101) Armond White on Hip Hop Journalists Toure and James Bernard -1994-
“Let’s serve notice on two viruses known by the names Toure and James Bernard. These hip hop journalists are not important in themselves, but as servants of white media institutions, they represent a disastrous development in the discussion of Black popular culture. Toure’s vindictive
Rolling Stone magazine review of the new Public Enemy album Muse Sick N Hour Mess Age and James Bernard’s similarly assualtive piece in The Source make it clear that the political betrayal of Black journalists has become a bigger problem, a greater threat, then the typical bugaboo about rappers’ profanity. This is the porch-nigger syndrome: Black writers sacrifice Black artists–and the integrity of African-American thought, language, music, politics–for their own benefit. The insidious thing is, they do their dirt in the guise of nurturing Black culture. It’s a vile deception and a loathsome tendency. Writers like these debilitate the social impact of Black artists work by countermanding its ideas and encouraging its dismissal…”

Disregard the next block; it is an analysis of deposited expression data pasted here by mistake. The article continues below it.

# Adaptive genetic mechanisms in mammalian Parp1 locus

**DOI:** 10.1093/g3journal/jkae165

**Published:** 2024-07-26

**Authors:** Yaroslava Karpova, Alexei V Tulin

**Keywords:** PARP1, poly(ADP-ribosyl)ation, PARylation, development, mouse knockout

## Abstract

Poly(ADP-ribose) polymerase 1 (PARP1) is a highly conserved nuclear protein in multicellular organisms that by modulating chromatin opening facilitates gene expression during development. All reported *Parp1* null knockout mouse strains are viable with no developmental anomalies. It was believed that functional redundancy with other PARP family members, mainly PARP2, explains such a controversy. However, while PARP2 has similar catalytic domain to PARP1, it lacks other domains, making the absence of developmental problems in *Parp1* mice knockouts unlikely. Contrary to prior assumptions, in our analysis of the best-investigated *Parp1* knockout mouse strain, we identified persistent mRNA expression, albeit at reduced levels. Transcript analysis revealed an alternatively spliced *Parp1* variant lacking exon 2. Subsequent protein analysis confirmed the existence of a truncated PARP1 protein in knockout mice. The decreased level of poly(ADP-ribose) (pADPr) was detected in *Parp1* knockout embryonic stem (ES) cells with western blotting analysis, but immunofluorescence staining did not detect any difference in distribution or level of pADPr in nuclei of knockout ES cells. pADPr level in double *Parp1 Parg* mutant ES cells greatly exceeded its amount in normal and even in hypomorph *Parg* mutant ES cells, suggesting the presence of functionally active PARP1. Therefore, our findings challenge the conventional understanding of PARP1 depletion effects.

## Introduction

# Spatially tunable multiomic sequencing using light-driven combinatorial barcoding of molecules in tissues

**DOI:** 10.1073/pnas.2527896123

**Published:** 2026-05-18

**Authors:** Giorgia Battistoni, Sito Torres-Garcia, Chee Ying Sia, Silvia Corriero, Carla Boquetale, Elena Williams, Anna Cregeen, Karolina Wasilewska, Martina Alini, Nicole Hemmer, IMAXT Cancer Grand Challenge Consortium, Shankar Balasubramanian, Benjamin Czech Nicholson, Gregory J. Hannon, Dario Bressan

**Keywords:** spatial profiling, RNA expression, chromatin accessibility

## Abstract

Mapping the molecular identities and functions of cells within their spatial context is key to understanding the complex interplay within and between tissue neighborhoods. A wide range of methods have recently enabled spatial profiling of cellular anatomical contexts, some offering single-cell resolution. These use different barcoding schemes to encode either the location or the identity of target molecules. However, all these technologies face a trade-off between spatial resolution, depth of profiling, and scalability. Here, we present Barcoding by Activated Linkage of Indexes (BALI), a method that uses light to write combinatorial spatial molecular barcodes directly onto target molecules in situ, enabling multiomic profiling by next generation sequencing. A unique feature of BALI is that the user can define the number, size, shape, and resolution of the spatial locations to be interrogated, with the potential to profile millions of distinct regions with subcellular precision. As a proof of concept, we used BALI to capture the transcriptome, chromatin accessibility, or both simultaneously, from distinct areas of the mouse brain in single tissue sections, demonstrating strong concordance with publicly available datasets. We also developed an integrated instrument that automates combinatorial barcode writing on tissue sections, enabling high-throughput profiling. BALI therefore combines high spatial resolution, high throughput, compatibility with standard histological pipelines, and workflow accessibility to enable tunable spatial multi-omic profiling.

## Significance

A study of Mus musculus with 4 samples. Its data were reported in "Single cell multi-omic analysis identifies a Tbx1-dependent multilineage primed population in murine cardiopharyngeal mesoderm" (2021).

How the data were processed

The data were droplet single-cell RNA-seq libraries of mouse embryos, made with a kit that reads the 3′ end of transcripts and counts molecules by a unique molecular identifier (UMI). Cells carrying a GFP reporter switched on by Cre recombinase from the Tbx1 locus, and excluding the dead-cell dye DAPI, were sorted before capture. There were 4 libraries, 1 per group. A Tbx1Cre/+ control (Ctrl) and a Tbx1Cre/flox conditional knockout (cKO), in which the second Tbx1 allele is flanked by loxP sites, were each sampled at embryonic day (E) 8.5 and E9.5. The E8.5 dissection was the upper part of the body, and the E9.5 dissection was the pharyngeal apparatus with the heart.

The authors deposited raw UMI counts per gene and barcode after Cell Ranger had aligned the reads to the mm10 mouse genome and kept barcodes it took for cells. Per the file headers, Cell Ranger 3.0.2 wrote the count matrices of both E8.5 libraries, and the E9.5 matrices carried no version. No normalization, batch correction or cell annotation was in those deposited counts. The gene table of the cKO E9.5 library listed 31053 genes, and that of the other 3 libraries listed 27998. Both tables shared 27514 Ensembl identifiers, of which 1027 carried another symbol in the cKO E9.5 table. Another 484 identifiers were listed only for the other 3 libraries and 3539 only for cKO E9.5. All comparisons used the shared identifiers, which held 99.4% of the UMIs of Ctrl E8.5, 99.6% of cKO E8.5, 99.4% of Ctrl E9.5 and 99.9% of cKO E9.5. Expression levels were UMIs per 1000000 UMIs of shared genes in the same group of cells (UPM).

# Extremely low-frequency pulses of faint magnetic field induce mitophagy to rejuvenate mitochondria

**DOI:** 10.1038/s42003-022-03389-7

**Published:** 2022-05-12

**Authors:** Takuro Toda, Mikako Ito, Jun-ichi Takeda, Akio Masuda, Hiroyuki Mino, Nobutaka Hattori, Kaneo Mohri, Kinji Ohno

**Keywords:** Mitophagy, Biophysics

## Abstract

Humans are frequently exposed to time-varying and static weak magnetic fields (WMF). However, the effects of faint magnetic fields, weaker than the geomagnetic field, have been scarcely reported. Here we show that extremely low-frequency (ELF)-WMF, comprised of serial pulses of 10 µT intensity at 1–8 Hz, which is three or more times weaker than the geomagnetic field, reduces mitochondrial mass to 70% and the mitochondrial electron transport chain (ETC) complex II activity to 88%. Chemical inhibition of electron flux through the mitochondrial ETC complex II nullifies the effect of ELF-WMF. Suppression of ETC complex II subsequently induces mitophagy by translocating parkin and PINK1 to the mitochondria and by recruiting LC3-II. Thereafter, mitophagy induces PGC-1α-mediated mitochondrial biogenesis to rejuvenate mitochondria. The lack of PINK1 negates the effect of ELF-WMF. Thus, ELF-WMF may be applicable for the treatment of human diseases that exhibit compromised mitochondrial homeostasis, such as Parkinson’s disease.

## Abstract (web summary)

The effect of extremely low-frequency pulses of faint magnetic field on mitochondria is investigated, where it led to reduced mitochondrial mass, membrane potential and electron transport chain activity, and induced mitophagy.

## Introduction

“It’s a wonder that young Black journalists can commit themselves to such contrary action while pretending to care about hiphop. They actually care about something else — the peculiar status that Black professionals have gained during rap’s rise…”
“The hip hop era announced a period of deceptive acceptance for Black performers–not just rappers, actors, designers, but journalists have also received the blandishment of mainstream attention. So they become performers, too. They put on a…”
To read more of Armond White’s take on hip hop journalists Toure and James Bernard, purchase a new or used copy of The Resistance: Ten Years of Pop Culture That Shook The World.